Every journey begins with an idea. A purpose. For some, a justification. The idea sparks creativity. The world’s a blank canvas; the idea’s contextual backdrop’s the brush. Some ideas are hilarious and make for good conversations: A drunken night in a subpar Boston pizza shop that led to a NYC road trip; repulsive girls at a Lake Champlain beach transformed itself into a weekend in Miami. Other ideas are more serious; people laugh at your sensitivity or at your perceived weakness rather than the story itself. This idea…this journey…is the latter. It is a journey that will end with clarity, but began years earlier.
Growing up a Joiner is to accept certain life-course concepts as absolute facts; (1) Family always comes first. No exceptions. After family is taken care of, extend a hand to everyone else; if you get bit, move on, but never stop helping others. Lastly, take care of yourself; but only if everyone else is content. (2) stick to your morals and earn your way through life; make your own opportunities and seize them (3) when you turn 18, it’s either a four year college or the military. Period.
In the summer of 2003, I enrolled at Bloomsburg Univeristy, while my cousin Brian enlisted in the Air Force. Growing up together, we were so much alike. I was smart-ass and he was smart-asser. Being around us was brutal; it mean getting an infamous Joiner verbal beating. Nothing was off limits and one was instigated by the other. We chose separate paths but were envious of the other. He was jealous of my lax college lifestyle and I was jealous of his life of adventure.
Over the next six years we tried to speak at least once a day; whether by phone, email, or at the time, instant messenger. He’d tell me about the youth baseball team he was coaching in Afghanistan or the trip he took on the ‘Whisky Trail’. One day he called and said, “I got a promotion, now I can write messages on the bombs the A-10 warthogs carry!” The excitement in his voice was unmistakable. We thought for some time and both agreed on a parsimonious phrase, “payback’s a bitch”. (see photo)
In August of 2009, after being stationed in Texas, North Carolina, England, Afghanistan, and a few other countries in Jihad-istan, there was only one way to welcome him home…Vegas. Toward the end of the month, I flew out to Vegas and spent a little over a week there. We wrecked the city the only way two nerdy white boys knew how; we got tossed from NY NY for arguing that ‘the worlds best cannoli’ sign was misleading and a flat out lie, we got chased by homeless hookers, and we bet on Austrian Dog Racing so we could get enough money to escape Fremont Street.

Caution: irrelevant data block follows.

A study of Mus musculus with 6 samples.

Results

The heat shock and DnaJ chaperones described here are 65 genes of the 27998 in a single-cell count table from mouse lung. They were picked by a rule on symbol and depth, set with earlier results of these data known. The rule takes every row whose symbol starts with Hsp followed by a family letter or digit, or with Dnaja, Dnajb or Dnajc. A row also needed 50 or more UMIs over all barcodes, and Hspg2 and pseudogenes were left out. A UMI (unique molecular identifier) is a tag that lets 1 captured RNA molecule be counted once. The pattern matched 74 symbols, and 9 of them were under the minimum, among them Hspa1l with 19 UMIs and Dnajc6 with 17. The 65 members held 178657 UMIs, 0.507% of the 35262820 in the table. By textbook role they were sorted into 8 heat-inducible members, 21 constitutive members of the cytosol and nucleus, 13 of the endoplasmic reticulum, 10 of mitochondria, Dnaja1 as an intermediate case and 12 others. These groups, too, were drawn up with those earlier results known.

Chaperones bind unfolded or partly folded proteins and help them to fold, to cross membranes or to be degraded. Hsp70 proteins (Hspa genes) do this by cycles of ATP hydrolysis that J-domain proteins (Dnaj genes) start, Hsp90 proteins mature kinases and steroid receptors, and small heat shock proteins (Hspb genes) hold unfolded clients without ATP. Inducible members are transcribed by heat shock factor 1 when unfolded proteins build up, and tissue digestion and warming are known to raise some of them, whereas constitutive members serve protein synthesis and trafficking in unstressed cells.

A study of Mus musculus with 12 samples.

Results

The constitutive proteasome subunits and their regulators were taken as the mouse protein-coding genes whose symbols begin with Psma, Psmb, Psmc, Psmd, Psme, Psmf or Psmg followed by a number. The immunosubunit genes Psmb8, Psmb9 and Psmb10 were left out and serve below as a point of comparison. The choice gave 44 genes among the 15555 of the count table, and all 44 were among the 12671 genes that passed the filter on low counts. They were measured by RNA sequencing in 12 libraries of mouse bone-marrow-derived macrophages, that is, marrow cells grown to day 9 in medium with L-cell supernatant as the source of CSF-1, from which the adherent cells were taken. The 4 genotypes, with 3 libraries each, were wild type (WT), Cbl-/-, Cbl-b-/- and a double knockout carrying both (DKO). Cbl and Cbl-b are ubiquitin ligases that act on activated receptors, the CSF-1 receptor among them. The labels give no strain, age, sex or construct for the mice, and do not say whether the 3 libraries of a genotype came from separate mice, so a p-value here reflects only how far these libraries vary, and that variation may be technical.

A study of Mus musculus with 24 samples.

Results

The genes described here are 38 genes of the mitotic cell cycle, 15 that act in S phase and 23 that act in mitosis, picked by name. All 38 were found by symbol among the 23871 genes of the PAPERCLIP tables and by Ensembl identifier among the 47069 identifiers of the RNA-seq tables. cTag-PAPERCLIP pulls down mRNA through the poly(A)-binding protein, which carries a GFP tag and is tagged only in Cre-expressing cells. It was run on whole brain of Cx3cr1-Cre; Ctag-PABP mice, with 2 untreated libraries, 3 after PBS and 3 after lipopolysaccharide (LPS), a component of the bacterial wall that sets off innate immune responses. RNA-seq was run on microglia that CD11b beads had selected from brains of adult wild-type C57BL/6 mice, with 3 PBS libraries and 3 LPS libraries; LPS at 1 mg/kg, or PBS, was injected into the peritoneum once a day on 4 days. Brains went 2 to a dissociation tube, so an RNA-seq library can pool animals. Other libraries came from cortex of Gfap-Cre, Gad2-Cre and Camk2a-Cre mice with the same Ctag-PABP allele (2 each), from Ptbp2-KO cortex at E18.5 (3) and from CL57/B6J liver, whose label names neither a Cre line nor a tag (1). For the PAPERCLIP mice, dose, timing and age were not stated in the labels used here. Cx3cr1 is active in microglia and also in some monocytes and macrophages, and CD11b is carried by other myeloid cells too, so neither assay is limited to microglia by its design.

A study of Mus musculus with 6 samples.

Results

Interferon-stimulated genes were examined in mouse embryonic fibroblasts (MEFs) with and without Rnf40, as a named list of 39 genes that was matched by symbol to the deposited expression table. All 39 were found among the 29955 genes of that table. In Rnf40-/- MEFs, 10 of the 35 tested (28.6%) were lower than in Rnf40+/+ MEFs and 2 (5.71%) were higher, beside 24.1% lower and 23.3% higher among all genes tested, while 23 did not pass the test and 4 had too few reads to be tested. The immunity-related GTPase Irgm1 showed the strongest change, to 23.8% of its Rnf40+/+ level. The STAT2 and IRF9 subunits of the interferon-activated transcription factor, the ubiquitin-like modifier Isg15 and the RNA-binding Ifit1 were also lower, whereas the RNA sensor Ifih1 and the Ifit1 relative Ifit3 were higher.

Perhaps influenced partially by his patriotic pride, my passion for traveling, and a little bit of that Vegas liquor everyone spoke of, we stumbled upon an idea; “next summer we’re renting a car and driving around the west coast”. As my cousin Brian dropped me off at the airport, he looked at me and said, “western road trip”; as he began to drive away I replied “yea, it’s happening.”
During the next month and a half we discussed our future road trip; we could stop in San Fran, San Diego, Reno, Phoenix, anywhere we wanted. We’d have no agenda, no rules, no complaining and most importantly, no structure. We officially planned the trip for Summer 2010.
I’ll never forget that cold October day in 2009. It was a Thursday evening. I had just gotten home from visiting my grandma in the hospital; she got sick a month earlier. It was just my mom and I. She was upstairs doing school work; I went outside. To free my mind I turned on my iPod an began raking the yard. My music choice that day was “Cold”; more specifically, the album, “A Different Kind of Pain”. Having moved back home from Boston a month earlier, it was easy to relate to my life through music.
I was nearly finished with the yard, pushing the last piles of leaves onto the worn blue tarp, when my phone rang. I reached into the pouch of by “Boston Nike Town” sweatshirt and pulled out my phone. why is Aunt Nancy calling me now?? “Hello?” I asked inquisitively. “No, my dad’s not home; he’s working late tonight.” “what!?! hold on” as I aggressively yanked off my headphones. “Brian’s dead!?!”. I was speechless, scared, confused. Now it was my job to break the news to my family; for Halloween this year, I’d have to be a pallbearer at my cousin’s military funeral. To my surprise, I’d repeat the job assignment a week later at my grandma’s funeral; Then again two months later for my grandfather. To escape all this, I submersed myself in my new job, working hard, trying to forget these events.
It took a family reunion a couple weeks ago to realize what I’ve missed out ob the last three years. As we all sat around the outdoor patio, like we’ve done so many years before, people began asking me about my cousin Brian. They wanted me to retell the funny stories he once told me, they asked me questions, and most importantly we laughed.
(Most of the Joiner Family)
I was reminded of the trip we once planned, our Western American Tour, where we promised we’d get drunk and piss all over the outside of Dodger’s Stadium in Los Angeles; Brian hated the Dodgers! I was reminded, and convinced, that this trip had to happen; it’s long overdue. It’s methodology is the same: no agenda, no rules, no complaining, no structure. It’s officially happening. The Journey’s Real.